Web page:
Fearing that additional charges on Internet access would greatly harm free growth and access to the Internet, Oregon Senator Ron Wyden announced yesterday his intention to place a "hold" on legislation (passed yesterday out of the Senate Commerce Committee) that could allow such charges.
Wyden explained his strong opposition to the telecommunications legislation, which contains a provision corroding equal access to the Internet, this way: "Without a clear policy preserving the neutrality of the Internet and without tough sanctions against those who would discriminate, the Internet will be forever changed for the worse. This one provision threatens to divide the Internet into technology 'haves' and 'have nots.' This one provision concentrates even more power in the hands of the special interests that own the pipelines to the Internet. This one provision codifies discrimination on the Internet by a handful of large telecommunications and cable providers. This one provision will allow large, special interests to saddle consumers and small businesses alike with new and discriminatory fees over and above what they already pay for Internet access. This one small provision is akin to hurling a giant wrecking ball at the Internet."
Called by some an "Internet Tax," the ability to charge for different levels of speed and service would be a boon to certain telecommunications companies such as Verizon and Qwest, while causing distress among Internet-based companies such as Ebay and Amazon, and a wide assortment of organizations (such as CUB) who use the Internet as a vital communication tool. (According to the Oregonian's David Sarasohn, groups like the Christian Coalition are with Wyden on this issue, because they rely on the Internet to communicate with their many members.)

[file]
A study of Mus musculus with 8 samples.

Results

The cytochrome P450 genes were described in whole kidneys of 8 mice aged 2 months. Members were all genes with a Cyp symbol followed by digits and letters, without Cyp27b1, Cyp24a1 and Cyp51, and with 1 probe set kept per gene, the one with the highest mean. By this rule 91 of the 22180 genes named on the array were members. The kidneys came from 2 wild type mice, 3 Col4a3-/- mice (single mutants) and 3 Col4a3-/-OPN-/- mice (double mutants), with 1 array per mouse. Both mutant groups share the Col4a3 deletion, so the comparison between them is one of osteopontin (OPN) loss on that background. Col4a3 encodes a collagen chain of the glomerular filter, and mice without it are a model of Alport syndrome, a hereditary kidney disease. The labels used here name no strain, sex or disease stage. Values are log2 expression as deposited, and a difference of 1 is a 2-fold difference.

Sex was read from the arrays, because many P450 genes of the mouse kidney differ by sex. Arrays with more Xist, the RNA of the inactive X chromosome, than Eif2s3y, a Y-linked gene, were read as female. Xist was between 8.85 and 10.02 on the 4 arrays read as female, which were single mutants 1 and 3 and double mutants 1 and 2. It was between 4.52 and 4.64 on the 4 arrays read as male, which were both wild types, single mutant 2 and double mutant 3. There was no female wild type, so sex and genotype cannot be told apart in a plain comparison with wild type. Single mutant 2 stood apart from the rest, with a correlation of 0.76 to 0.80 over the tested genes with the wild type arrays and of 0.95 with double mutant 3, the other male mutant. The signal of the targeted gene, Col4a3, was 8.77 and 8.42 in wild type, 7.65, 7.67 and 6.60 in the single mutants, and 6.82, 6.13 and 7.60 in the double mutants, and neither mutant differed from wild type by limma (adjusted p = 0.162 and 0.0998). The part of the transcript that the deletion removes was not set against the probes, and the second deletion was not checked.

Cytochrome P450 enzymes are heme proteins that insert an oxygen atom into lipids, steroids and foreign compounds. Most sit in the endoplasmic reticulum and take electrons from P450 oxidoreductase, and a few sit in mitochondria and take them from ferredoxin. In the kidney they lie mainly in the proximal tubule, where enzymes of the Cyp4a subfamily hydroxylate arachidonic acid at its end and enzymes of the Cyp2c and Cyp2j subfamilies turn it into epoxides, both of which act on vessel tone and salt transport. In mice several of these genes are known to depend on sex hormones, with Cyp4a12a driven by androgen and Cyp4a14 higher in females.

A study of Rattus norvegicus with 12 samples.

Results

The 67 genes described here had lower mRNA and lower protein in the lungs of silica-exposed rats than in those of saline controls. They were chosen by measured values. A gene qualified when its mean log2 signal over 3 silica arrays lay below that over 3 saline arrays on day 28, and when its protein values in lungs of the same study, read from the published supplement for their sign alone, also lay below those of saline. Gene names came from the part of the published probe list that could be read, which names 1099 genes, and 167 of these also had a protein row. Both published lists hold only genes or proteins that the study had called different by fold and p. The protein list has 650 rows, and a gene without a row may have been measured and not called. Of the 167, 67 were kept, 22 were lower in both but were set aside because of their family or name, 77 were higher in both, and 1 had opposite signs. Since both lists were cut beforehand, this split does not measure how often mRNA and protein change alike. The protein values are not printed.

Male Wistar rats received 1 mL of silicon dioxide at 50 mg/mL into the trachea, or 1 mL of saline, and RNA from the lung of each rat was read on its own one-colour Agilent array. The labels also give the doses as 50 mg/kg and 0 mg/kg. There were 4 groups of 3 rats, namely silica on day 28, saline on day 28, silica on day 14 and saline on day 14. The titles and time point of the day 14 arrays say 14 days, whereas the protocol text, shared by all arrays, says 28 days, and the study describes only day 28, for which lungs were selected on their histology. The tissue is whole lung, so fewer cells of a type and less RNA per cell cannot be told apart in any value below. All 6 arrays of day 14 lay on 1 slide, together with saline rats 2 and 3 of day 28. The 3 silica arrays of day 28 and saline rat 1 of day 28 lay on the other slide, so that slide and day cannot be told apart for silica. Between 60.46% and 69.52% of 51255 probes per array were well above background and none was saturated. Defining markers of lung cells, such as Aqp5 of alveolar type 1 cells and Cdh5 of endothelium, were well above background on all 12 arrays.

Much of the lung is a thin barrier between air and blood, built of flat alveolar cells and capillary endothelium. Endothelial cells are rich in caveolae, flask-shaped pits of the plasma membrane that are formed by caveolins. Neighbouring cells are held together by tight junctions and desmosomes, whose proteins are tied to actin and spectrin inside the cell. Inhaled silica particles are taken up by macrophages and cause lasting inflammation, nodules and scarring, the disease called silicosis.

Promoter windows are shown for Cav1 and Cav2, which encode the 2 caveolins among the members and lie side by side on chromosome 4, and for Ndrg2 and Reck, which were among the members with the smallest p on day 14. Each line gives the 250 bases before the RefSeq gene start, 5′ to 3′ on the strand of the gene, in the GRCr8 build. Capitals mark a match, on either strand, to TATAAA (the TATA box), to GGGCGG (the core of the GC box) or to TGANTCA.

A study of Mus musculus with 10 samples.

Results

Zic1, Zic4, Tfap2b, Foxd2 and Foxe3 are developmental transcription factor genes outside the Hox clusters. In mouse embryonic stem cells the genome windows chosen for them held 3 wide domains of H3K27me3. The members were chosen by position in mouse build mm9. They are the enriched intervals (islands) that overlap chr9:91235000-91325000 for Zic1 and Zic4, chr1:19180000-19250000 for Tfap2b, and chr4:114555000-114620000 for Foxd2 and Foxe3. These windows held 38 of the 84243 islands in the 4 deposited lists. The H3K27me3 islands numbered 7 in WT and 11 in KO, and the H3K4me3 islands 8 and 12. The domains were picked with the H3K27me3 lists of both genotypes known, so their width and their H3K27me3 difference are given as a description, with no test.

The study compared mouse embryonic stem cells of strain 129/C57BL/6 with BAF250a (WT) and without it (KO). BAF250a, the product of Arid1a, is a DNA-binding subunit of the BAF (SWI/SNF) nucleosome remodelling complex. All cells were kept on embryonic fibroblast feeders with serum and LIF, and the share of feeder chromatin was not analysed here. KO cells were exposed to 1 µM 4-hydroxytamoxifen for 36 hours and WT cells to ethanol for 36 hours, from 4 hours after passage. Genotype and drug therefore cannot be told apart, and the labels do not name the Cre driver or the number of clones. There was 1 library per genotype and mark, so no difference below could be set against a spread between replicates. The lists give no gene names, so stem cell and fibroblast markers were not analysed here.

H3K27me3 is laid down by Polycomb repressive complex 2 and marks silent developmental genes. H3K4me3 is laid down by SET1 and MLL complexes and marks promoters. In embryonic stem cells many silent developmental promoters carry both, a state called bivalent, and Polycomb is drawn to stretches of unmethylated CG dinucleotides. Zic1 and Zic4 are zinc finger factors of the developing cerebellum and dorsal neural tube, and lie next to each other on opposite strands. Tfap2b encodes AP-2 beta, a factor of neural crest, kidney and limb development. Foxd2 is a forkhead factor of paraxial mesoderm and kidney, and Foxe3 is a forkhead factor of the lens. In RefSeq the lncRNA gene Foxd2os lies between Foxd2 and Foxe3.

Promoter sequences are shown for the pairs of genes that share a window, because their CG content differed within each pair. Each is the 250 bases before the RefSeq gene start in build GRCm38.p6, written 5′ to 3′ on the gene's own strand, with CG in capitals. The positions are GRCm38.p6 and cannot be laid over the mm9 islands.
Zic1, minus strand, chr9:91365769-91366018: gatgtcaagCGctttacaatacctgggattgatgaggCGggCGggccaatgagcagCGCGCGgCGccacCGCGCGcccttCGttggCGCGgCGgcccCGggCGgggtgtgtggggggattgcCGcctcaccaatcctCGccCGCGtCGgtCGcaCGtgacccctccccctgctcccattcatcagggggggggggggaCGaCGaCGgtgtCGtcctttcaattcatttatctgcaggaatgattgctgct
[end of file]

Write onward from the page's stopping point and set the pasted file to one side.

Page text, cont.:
According to the San Francisco Chronicle (06/29/06): "The debate over net neutrality has become a civil war of sorts in the technology industry. Web content companies, high-tech firms and grassroots groups had hoped to persuade lawmakers to order the Federal Communications Commission to write regulations that would prevent phone and cable companies from levying additional charges on content providers to assure speedier delivery of Internet traffic."
CUB supports the strong stand that Sen. Wyden has taken on protecting net neutrality. As he stated in his floor speech yesterday: "The Internet has thrived precisely because it is neutral. It has thrived because consumers, and not some giant cable or phone company, get to choose what they want to see and how quickly they get to see it. I am not going to allow a bill to go forward that is going to end surfing the web free of discrimination."
Telecommunications services are fast becoming one of the cornerstones of American civic and financial life, and the Internet is the superhighway of our current telecommunications system. We can't afford to stand by as equal and free access to the Internet is eroded. Good work, Sen. Wyden!
Two notes to end this piece: Our legislators need to hear from you on issues that you consider important. You can find both Oregon Senators on the web: Sen. Ron Wyden at link to wyden.senate.gov . The Capitol Switchboard at (800) 459-1887 is also effective. Even a few calls on an issue raises the profile, but a few dozen calls really pulls the issue into the forefront.
Finally, you may have friends and associates who use the Internet, who value the Internet, and who may not know the changes that are being planned for the Internet by telecomm corporations. Please send this message on to them today.